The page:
The State Legislature has called for construction of 3.5 million homes by 2025 based on a study that uses New York as a benchmark. But is New York the right benchmark? Embarcadero Institute, the rising think tank that delves deeper than anyone watching California, found we need about 1.2 million homes, a doable, reachable number we can get to without legislative panic, attacks on city government, and destruction of communities.
If New York was the right benchmark to measure our need, the number is 3.5 million housing units needed. McKinsey & Company created the 3.5 million figure by using New York’s housing per capita as the goal. But California is not New York.
Using a very similar state like Texas as a benchmark, California’s housing need by 2025 would be 1.5 million, not 3.5 million.
An even more comprehensive “housing per capita” model of all 50 states shows we need 1.4 million housing units by 2025.
Why not use average household size to predict need? Then, the additional housing needed by 2025 would be 1.3 million.
But in fact, the state Department of Housing and Community Development already has the number, in its own excellent data. The department uses its housing need forecasts to form the basis for all regional planning. The state’s “multivariate model” suggests the additional housing needed by 2025 is around 1.1 million as opposed to 3.5 million.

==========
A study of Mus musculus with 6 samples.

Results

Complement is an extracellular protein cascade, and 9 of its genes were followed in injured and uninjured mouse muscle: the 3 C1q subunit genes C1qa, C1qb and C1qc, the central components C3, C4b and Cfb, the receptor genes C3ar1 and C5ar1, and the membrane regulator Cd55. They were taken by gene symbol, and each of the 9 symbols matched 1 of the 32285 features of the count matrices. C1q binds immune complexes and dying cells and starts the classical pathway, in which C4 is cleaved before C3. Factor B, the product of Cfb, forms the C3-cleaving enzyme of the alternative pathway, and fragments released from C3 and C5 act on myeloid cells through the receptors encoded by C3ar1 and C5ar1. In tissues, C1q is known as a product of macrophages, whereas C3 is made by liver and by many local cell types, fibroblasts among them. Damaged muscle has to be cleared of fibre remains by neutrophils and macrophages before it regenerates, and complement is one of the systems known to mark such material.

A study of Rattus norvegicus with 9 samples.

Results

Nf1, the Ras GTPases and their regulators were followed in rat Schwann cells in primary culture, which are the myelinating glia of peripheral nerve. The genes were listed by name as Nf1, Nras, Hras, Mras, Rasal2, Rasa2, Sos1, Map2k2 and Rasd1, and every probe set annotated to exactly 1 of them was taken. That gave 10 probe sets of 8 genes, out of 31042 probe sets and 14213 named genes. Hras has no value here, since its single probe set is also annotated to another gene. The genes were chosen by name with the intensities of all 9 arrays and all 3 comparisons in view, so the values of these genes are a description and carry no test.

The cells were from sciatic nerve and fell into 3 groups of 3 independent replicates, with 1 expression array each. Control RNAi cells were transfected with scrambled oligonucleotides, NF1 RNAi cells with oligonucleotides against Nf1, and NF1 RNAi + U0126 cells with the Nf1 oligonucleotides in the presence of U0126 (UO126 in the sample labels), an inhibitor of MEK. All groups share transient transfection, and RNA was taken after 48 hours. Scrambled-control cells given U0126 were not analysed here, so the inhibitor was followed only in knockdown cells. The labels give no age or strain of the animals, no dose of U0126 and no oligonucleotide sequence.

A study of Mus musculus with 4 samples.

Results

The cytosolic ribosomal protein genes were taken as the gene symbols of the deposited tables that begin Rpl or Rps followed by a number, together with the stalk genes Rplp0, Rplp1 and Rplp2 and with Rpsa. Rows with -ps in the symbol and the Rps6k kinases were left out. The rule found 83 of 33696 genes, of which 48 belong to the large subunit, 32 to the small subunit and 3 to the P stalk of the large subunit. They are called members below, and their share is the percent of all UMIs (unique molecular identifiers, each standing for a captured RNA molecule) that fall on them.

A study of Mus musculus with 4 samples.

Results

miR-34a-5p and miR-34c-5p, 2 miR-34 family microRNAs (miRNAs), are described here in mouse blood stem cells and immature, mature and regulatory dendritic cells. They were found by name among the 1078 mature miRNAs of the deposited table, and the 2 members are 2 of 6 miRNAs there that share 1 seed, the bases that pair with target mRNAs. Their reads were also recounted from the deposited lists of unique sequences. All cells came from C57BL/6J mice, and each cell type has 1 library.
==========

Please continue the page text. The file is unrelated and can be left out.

It begs the question, why are State Legislators using the McKinsey analysis claiming a 3.5M housing unit need, more than 2 million higher than the state-mandated analysis by the Department of Housing and Community Development? Where are the mainstream media, who quote the 3.5 million without questioning and digging?
McKinsey & Co.’s false 3.5M figure, exaggerated by more than 2 million units, is repeatedly cited as fact by Associated Press, Los Angeles Times, San Francisco Chronicle and others.
The false McKinsey data has fueled panic in Sacramento.
Sacramento’s reaction to the false 3.5 million shortage has been unfortunate and extreme:
— Legislators are authoring panic-driven luxury housing “trickle-down” laws that displace & destroy communities, doing far more harm than good. Examples: SB 50, SB 827, SB 330, SB 592, SB 4.
— Legislators are authoring panic-driven laws that punish, and strip power from, cities and communities who insist on rational plans, not Sacramento panic.